Making European-Style Butter at Home is Surprisingly Easy
Have you ever made butter from scratch? I hadn’t, at least not since we all took turns shaking a jar in elementary school, before this weekend. And it’s delicious — really, really delicious. It’s quite unlike any butter, no matter the source or the price, that I’ve ever had. Buttered toast has never been more delicious. And trust me, you’ll want to eat it that way, because this isn’t a utilitarian kitchen staple, it’s the star of the show.
Before refrigerators were invented, butter was almost always made with fermented cream. These days, most people in North America and the U.K. are used to uncultured butter, while our continental European counterparts stick with the traditional cultured butter. And what’s so great about the latter? Well, cultured butter tends to have more depth of flavor and is just a little tangy.
Oh, and the second best part about this recipe? You’ll wind up with butter and real, fresh buttermilk! This is not the buttermilk you can buy at the store, this is the real deal. Use it in baking, in pancakes and waffles, salad dressings and more.
DIY Cultured Butter
- 4 Cups heavy cream
- 1/3 Cup plain preservative and gum-free yogurt
- 4 Cups ice water
- 1/4 Teaspoon fine sea salt (optional)
- 1 Large, lidded container (like a mason jar)
- Candy Thermometer
- Fine-meshed sieve
- Stand mixer (ideally) or food processor
Yield: 12 Ounces butter and 1/2 cup buttermilk.
1. Place cream and yogurt in a large, lidded container and shake well with the lid on. Remove lid, and cover opened jar with clean kitchen cloth. Transfer to a warm spot in your home, around 75 degrees F and let sit for 18-24 hours.
2. After at least 18 hours, stir and taste the mixture. Once it’s thick, silky, and tangy, cover with lid and transfer to the fridge to cool to about 60 degrees F.
3. Place a fine-meshed sieve in a large bowl. Line sieve with cheesecloth. Prepare 4 cups ice water and place in fridge. Transfer mixture to the bowl of a stand mixer with the whisk attachment on it. Cover the space between the mixer and the bowl with plastic wrap to prevent splattering. Churn butter on high. It will start off-white and the consistency of whipped cream. Over a few minutes of churning, it will thicken and turn pale yellow. When the buttermilk splatters on the plastic wrap, turn mixer off and check to see if the white buttermilk has separated from the yellow curds.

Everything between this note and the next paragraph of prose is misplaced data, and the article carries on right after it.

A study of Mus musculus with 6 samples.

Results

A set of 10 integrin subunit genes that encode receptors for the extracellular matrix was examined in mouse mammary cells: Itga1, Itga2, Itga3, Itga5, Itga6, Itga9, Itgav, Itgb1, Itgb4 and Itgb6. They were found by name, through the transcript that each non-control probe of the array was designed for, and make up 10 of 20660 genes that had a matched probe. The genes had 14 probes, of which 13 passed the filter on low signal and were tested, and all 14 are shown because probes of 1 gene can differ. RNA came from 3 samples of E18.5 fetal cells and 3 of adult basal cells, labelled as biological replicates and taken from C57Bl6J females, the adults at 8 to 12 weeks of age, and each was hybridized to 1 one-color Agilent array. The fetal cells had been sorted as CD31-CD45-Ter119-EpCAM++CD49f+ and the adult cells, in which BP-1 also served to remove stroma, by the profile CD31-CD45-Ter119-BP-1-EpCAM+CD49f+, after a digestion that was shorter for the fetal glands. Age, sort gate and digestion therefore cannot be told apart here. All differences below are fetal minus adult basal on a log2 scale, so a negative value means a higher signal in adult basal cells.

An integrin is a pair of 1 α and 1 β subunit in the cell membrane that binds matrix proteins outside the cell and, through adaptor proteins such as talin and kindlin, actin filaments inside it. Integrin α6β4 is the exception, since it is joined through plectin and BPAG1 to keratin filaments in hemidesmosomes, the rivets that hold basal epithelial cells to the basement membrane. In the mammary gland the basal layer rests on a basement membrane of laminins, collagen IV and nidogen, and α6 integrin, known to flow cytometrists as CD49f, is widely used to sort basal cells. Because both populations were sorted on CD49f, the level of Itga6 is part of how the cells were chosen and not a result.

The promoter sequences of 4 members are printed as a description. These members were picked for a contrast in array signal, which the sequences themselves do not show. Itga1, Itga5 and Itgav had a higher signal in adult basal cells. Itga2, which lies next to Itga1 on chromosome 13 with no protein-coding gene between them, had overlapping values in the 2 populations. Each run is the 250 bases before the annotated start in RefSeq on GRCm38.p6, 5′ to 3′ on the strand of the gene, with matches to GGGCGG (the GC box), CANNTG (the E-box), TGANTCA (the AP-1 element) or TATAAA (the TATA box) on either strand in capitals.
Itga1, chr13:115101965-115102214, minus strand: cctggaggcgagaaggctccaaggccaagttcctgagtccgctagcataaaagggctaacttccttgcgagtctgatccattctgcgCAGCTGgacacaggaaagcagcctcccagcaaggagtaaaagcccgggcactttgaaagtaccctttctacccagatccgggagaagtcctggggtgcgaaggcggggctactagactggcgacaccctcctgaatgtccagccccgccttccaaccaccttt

4. Remove bowl from mixer. Pour off as much of the buttermilk into the cheesecloth-lined sieve as possible, without letting the curds drop into it. Next, place the curds into the sieve and let it drain for about 1 minute. Pull the cheesecloth up and around the curds and squeeze out as much buttermilk as possible into the sieve. Reserve buttermilk for a later use.
5. Transfer butter to a large unused bowl. Pour 1/3 cup ice water over it. Using a rubber spatula, smash and fold butter to squeeze out more of the buttermilk. Pour off and discard liquid, and continue pouring ice water , kneading and discarding liquid 5 more times, using just your hands to fold towards the end. If you’re using salt, sprinkle over the butter and fold and smash to incorporate well.
6. Divide the butter roughly in half. Transfer one half of the butter to the top 1/3 of a piece of parchment, and, using your hands, form the butter into a log. Don’t worry about it looking neat. Fold the parchment over the butter and roll the butter back and forth until the log is smooth and consistent in shape.
7. You’re done! Store the butter in the parchment, using tape to secure it. Butter will keep in the fridge for about 1 month.
Recipe Credit: American’s Test Kitchen.